London’s dining scene is ever evolving, with the food industry seemingly as fickle as that of fashion. Talk to the “hip” Londoner and he or she will tell you not only what to wear or what bands to listen too, but what to eat if you want to fit in. Of course, it would be an exercise in foolishness to heed their advice. By the time you have sat down in the latest BBQ joint or falafel squat, they will have moved on. The thing is, with food, its quality remains untarnished as fads come and go. Great food will always be great food, regardless of whether it is in ‘vogue’ or not.
As food crazes have come and gone, there have been some trends that have stuck, and seasonality is one of them, which with its philosophy of consistent change, is satisfyingly ironic to suit my British sensibilities. Aside from the obvious environmental benefits of eating only what the local ecosystem provides, there is something comforting and rewarding about seasonal eating. There is pleasure to be gained from eating locally sourced, responsibly grown food. The more cynical would put that down to a desire for sophistication or another way to be elitist and snobbish about food. I disagree. As someone who was born and bred in the countryside, I see great value in making the most of the resources that surround you before looking elsewhere; it just makes sense.
Bumpkin have embraced the concept of seasonality to the hilt, and their wonderfully creative menu shows that eating seasonally does not mean compromising on taste or diversity. Entering their Chelsea branch, set in an old Georgian townhouse, I feel as if I have stepped out of the city. Pistachio walls, ornately framed illustrations and old fashioned floor lamps give the restaurant a distinctly old-fashioned country feel. This is not the ‘coolest’ restaurant in London, and this is probably to have been ascertained from the name and clientele – the Royal family, for example – but that is hugely refreshing. For once, I can stop having to think about how sleek the lighting is, or how those open ventilation units look so edgy and just focus on the food.
I was fortunate enough to be part of the press event for the new autumn menu, and each course was served with a different wine. I chose the chicken liver pate with a pear chutney and sourdough toast as a starter and this was accompanied by a late harvest wine from Royal Tokaji. The smooth pate was delicate in flavour and it really came to life when paired with the chutney. The toast added texture to make a very satisfying bite. It was a little peculiar to have such a sweet wine with a starter but the combination was pleasant enough.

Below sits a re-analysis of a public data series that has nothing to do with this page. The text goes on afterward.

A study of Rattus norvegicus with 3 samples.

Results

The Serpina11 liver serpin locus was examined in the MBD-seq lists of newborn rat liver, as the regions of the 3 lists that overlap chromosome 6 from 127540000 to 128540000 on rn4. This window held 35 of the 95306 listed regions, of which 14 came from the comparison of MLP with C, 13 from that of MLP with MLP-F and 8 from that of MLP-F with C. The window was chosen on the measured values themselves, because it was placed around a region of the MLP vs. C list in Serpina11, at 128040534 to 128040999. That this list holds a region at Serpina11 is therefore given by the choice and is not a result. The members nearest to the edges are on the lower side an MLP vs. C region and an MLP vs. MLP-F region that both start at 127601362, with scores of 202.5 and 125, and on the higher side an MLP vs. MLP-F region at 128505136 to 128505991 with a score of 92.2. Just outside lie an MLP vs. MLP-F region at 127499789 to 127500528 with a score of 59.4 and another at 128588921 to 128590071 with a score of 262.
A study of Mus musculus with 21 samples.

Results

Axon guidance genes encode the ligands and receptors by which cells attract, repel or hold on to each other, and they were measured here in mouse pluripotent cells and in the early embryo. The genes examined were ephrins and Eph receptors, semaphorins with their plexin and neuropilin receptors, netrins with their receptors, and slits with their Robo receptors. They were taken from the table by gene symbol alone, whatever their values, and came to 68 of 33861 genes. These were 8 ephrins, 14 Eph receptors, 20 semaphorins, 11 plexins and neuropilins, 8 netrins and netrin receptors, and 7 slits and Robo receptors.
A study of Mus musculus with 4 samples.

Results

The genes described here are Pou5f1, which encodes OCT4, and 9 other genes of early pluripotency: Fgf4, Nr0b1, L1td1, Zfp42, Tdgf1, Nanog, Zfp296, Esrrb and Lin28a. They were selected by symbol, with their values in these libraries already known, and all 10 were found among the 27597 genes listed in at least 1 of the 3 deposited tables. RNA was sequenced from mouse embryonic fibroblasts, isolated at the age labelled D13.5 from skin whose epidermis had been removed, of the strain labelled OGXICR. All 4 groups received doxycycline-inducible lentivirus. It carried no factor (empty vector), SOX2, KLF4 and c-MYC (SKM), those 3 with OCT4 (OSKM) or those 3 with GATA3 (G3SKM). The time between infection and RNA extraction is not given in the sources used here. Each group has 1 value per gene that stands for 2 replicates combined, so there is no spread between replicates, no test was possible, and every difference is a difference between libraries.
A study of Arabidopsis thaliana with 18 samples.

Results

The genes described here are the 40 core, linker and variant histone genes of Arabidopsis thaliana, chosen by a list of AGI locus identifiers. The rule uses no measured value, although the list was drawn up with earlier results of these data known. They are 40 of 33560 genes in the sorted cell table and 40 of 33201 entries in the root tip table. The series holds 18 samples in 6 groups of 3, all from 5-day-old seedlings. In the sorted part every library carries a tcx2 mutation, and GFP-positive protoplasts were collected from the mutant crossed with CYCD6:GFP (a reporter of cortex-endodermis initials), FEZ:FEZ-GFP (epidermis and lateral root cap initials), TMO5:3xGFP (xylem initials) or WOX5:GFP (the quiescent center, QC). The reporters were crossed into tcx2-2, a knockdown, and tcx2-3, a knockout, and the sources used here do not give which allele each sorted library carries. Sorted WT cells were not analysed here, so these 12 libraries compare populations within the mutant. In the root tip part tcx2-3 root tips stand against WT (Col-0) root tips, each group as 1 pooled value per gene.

The presence of venison on the menu rendered all other main course options redundant. It is a huge shame that this darkly flavoured meat is not more widely eaten as there is no shortage of deer, even in London, and in my opinion it is a far tastier meat than beef. Bumpkin’s chef decided to serve it with savoy cabbage, and a black pepper and raisin sauce. As soon as I saw my plate I knew this dish would be a success; the meat was an intense pink, the sauce was a perfect consistency and the cabbage was perfectly cooked. The taste matched its visual impressiveness note for note with the rich, moody flavours of the meat perfectly accompanied by the peppery sauce.
I finished the whole evening off with a fine dessert that married the delicate flavour of poached pear with the gentle fire of a gingerbread. The pear was poached in mulled wine which gave it a lovely mellow spice and the addition of vanilla pod and cinnamon gave it a pleasing complexity. The chef could have been a little more heavy handed with the ginger in the gingerbread, but that is merely a personal preference.
As the days grow shorter and colder, and as we spend more time indoors, it is easy to forget about life outside our city walls. Whilst we urban types go into semi-hibernation in the comfort of our flats, terraces and the like, the farmers and fisherman that provide our food continue to labour on. Bumpkin is a terrific reminder of their good work, and the sheer diversity and quality of ingredients that this country produces. It may not be the hippest restaurant, nor the most exotic, but it is certainly one of the best that I have visited. Go!